The Emancipation Proclamation

On June 19, 1865, two months after the surrender of Confederate General Robert E. Lee at Appomattox Court House in Virginia, Union General Gordon Granger and approximately 1,800 federal troops arrived in Galveston, Texas, to take control of the state and enforce the Emancipation Proclamation.

Granger read General Orders No. 3, which declared in part: “The people of Texas are informed that, in accordance with a proclamation from the Executive of the United States, all slaves are free.” Juneteenth (short for “June Nineteenth”) is a holiday commemorating this day, which marked the effective end of slavery in the United States.

More than two years before Granger’s announcement, President Abraham Lincoln issued the Emancipation Proclamation (on January 1, 1863), which made known that all enslaved people in Confederate states in rebellion against the Union “shall be then, thenceforward, and forever free.”

In reality, the Emancipation Proclamation didn’t instantly free any slaves because it only applied to places under Confederate control and not to slave-holding border states or rebel areas already under Union control. However, as Northern troops advanced into the Confederate South, many slaves fled behind Union lines.

Juneteenth and Slavery in Texas

In Texas, slavery was relatively unaffected because the state experienced no large-scale fighting or significant presence of Union troops. Many slave owners from outside the Lone Star State viewed it as a safe haven and moved there with their slaves.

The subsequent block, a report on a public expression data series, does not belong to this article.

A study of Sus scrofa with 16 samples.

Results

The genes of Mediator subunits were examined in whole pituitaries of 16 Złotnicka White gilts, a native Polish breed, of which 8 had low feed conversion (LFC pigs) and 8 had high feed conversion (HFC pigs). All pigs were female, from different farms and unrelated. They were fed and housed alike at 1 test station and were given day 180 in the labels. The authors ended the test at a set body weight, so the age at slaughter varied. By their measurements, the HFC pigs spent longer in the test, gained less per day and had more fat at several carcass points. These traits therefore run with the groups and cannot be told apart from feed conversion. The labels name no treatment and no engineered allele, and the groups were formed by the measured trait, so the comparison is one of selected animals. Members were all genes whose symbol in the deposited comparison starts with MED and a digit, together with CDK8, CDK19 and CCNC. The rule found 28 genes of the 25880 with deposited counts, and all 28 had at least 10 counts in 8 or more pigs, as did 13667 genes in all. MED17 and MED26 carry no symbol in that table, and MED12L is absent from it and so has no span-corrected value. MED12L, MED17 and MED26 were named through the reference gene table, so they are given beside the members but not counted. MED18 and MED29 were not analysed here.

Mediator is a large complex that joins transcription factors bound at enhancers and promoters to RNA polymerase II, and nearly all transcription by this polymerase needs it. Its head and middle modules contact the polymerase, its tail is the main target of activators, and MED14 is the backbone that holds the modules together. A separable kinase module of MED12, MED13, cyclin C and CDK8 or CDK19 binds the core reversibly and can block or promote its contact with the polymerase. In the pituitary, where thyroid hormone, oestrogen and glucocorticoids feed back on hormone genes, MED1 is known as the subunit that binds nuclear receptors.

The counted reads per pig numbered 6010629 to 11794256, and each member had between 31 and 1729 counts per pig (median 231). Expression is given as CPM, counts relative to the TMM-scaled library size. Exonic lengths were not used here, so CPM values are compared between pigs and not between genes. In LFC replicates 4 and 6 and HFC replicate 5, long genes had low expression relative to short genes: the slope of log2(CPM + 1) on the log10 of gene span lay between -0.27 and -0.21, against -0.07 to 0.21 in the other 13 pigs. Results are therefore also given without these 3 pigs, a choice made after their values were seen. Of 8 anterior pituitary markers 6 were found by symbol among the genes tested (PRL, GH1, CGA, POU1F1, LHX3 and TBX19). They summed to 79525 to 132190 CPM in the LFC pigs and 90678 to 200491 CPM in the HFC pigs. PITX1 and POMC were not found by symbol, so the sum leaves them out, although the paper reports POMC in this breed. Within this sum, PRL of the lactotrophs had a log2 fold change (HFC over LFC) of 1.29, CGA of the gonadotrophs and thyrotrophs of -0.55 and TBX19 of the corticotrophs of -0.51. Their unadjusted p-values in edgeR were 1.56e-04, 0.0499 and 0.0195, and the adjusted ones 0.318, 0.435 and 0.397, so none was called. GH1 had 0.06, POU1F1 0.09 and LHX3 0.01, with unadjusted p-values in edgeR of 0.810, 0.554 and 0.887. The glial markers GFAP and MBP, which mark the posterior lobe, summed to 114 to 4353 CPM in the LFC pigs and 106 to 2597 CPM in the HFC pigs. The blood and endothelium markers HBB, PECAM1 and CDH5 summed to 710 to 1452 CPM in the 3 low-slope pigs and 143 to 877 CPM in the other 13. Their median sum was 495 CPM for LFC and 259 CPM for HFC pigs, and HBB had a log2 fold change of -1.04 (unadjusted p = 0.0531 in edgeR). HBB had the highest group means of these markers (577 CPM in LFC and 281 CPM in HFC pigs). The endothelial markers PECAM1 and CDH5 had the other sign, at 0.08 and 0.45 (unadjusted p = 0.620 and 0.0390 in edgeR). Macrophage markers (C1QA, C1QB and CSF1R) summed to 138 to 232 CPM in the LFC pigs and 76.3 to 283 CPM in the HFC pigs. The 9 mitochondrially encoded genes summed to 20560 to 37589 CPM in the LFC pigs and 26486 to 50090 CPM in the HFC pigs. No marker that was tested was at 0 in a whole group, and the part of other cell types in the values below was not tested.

After the war came to a close in the spring of 1865, General Granger’s arrival in Galveston that June signaled freedom for Texas’s 250,000 slaves. Although emancipation didn’t happen overnight for everyone—in some cases, slave owners withheld the information until after harvest season—celebrations broke out among newly freed blacks, and Juneteenth was born. (That December, slavery in America was formally abolished with the adoption of the 13th Amendment.)

In the ensuing decades, Juneteenth commemorations featured music, barbecues, prayer services and other activities, and as blacks migrated from Texas to other parts of the country the Juneteenth tradition spread. In 1979, Texas became the first state to make Juneteenth an official holiday, and today most states hold Juneteenth observances.